Early Human Migration from Africa Could Have Started Much Earlier than Estimates: Research

Early Human Migration from Africa Could Have Started Much Earlier than Estimates: Research

Human migration from Africa could have started earlier than previously estimated 60,000 years ago, as per new research. As per “Out of Africa” theory on human migration, home sapiens migrated from Africa to Asian regions. Researchers have recently found fossils in southern and central China dating between 70,000 and 120,000 years ago.

The research team suggests that as per “Out of Africa” theory, a major migration could have occurred around 60,000 years back. However, there could have been migration in smaller groups much earlier, possibly 120,000 years ago. Details of the current research have been published in journal Science.

Study co-author Michael Petraglia, a researcher at the Max Planck Institute for the Science of Human History, said, “The original Out of Africa theory isn’t completely inaccurate. The early migrants were likely small groups of foragers. A later, major ‘Out of Africa’ event most likely occurred around 60 000 years ago or thereafter.”

As per DNA evaluation of different races, among modern non-Africans today, one to four percent of the DNA comes from Neanderthals and as much as five percent may be from Denisovans.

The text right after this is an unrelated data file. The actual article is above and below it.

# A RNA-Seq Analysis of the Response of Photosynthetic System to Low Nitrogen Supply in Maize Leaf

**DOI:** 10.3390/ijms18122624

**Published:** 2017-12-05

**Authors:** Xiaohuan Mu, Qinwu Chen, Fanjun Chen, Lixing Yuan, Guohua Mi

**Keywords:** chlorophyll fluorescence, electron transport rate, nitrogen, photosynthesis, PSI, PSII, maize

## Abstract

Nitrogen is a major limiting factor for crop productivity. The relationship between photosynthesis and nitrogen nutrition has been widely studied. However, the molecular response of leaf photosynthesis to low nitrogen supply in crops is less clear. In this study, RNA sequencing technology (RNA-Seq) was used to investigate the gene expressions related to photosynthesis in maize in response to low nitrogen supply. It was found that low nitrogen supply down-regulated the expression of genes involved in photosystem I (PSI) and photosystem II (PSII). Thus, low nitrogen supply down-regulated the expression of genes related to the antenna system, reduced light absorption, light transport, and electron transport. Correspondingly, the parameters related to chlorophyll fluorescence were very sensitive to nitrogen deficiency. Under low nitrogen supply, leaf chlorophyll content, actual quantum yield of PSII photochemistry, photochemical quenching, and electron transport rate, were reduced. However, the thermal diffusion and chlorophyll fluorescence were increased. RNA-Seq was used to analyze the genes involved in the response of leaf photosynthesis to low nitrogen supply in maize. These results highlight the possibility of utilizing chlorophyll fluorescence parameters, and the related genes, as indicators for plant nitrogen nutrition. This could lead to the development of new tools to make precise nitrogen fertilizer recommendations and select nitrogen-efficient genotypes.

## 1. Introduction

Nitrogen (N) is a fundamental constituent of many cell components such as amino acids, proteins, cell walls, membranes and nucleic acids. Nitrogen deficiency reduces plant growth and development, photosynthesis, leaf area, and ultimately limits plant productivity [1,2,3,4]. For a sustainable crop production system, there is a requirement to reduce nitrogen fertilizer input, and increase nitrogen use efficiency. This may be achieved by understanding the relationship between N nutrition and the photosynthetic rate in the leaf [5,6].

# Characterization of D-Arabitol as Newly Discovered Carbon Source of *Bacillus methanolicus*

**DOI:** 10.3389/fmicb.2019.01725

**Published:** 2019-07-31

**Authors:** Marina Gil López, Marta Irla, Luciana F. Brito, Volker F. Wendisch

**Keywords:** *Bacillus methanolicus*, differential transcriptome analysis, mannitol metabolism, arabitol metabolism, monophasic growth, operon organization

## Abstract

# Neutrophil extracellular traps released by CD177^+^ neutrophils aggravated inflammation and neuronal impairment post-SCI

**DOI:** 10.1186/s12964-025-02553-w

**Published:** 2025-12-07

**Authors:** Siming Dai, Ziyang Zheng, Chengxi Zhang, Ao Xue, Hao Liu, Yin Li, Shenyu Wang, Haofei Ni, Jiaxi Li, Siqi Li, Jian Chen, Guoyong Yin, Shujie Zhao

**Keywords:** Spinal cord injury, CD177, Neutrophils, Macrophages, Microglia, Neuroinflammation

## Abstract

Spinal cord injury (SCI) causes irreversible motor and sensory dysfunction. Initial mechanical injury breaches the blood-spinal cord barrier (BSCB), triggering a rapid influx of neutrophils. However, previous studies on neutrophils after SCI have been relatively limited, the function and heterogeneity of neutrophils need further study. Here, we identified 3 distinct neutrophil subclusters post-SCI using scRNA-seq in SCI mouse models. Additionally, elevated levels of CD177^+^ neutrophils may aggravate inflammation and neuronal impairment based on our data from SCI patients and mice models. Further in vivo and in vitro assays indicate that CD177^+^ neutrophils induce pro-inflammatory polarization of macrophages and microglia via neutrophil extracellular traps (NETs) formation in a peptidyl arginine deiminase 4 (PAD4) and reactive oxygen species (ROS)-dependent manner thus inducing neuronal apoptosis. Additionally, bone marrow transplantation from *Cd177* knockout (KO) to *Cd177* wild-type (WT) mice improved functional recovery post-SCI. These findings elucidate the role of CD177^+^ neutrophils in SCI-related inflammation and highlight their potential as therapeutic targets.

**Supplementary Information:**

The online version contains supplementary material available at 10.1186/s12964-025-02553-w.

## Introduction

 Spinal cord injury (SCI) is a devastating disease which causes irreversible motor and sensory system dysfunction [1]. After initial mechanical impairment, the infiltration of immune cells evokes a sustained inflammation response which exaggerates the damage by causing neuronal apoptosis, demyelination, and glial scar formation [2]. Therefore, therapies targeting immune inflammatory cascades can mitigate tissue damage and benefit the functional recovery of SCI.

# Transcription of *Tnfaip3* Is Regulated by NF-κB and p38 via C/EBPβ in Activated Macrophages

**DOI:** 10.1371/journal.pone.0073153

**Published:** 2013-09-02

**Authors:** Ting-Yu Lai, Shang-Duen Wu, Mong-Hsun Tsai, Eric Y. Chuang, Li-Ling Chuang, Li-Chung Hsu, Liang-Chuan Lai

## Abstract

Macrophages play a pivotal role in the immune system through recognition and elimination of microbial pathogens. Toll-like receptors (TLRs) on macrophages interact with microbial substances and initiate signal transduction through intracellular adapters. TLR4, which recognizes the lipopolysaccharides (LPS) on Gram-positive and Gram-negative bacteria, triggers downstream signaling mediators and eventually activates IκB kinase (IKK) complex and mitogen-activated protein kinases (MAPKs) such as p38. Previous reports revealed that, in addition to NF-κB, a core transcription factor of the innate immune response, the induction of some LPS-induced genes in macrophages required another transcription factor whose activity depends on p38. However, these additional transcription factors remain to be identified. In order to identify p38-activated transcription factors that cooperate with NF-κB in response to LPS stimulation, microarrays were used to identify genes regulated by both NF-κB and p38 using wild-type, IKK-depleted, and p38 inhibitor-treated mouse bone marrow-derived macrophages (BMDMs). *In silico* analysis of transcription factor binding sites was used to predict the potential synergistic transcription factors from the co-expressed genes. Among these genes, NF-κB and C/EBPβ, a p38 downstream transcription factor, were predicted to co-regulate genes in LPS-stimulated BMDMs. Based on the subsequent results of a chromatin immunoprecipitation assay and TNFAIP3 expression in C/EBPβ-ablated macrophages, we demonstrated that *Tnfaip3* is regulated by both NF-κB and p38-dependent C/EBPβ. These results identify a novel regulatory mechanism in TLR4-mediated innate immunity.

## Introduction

Professor Petraglia added, “The initial dispersals out of Africa prior to 60 000 years ago were likely by small groups of foragers, and at least some of these early dispersals left low-level genetic traces in modern human populations.”

Many research teams have been working on similar projects. With discovery of new fossils, researchers are able to provide better information regarding human migration and development of civilizations in different regions across the world. “Indeed, what we are seeing in the behavioral record is that the spread of so-called modern human behaviors did not occur in a simple time-transgressive process from west to east,” said Christopher Bae of the University of Hawai’i at Manoa, another coauthor of the study.

The research paper published in journal Science informed, "It is now clear that modern humans, Neanderthals, Denisovans and perhaps other hominin groups likely overlapped in time and space in Asia, and they certainly had many instances of interaction."